President-elect Mariano Rajoy resisted pressure on Monday to disclose his plans for rescuing Spain from economic disaster, keeping anxious Spaniards and impatient investors on edge following his election triumph.
The landslide victory of his conservative People's Party's (PP) at the polls on Sunday failed to lift investors, who were desperate for some detail on his strategy to prevent Spain going the way of other Euro zone members in taking an international bail-out.
Angry voters punished the outgoing Socialists for a crisis that has pushed unemployment in Spain to more than 22%, the highest in the European Union.
PP Secretary-General Dolores Cospedal said Rajoy, long known for his caution, would not name a cabinet or give details his strategy before he was sworn in just before Christmas, a delay imposed by the Spanish constitution.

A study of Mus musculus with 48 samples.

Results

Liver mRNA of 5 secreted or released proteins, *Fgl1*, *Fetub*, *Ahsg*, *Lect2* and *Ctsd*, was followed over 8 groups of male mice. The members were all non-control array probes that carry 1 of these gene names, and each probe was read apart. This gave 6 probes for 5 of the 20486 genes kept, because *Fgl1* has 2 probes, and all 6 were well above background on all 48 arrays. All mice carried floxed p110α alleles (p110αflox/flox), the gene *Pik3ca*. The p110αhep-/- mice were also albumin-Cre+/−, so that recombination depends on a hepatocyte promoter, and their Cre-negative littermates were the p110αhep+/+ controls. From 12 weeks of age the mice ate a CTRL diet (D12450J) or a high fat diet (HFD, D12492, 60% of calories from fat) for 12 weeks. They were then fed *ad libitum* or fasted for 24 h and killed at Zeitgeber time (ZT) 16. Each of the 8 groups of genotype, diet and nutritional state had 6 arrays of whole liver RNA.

Briefing reporters after a meeting of the party leadership, she said Rajoy had told them he believed he had a mandate to bring in austerity measures.
The sovereign debt problem needed a coordinated European effort but Spain would meet its obligations, she added.
The first thing to tell Spaniards is the truth. Society is mature enough to be aware of absolutely everything that's happening Cospedal quoted Rajoy as saying.
Rajoy has expressed his wish for the swearing-in debate and the naming of the new government to take place as soon as possible in line with the law and we shall work for the new government to be in place before Christmas Day, she said.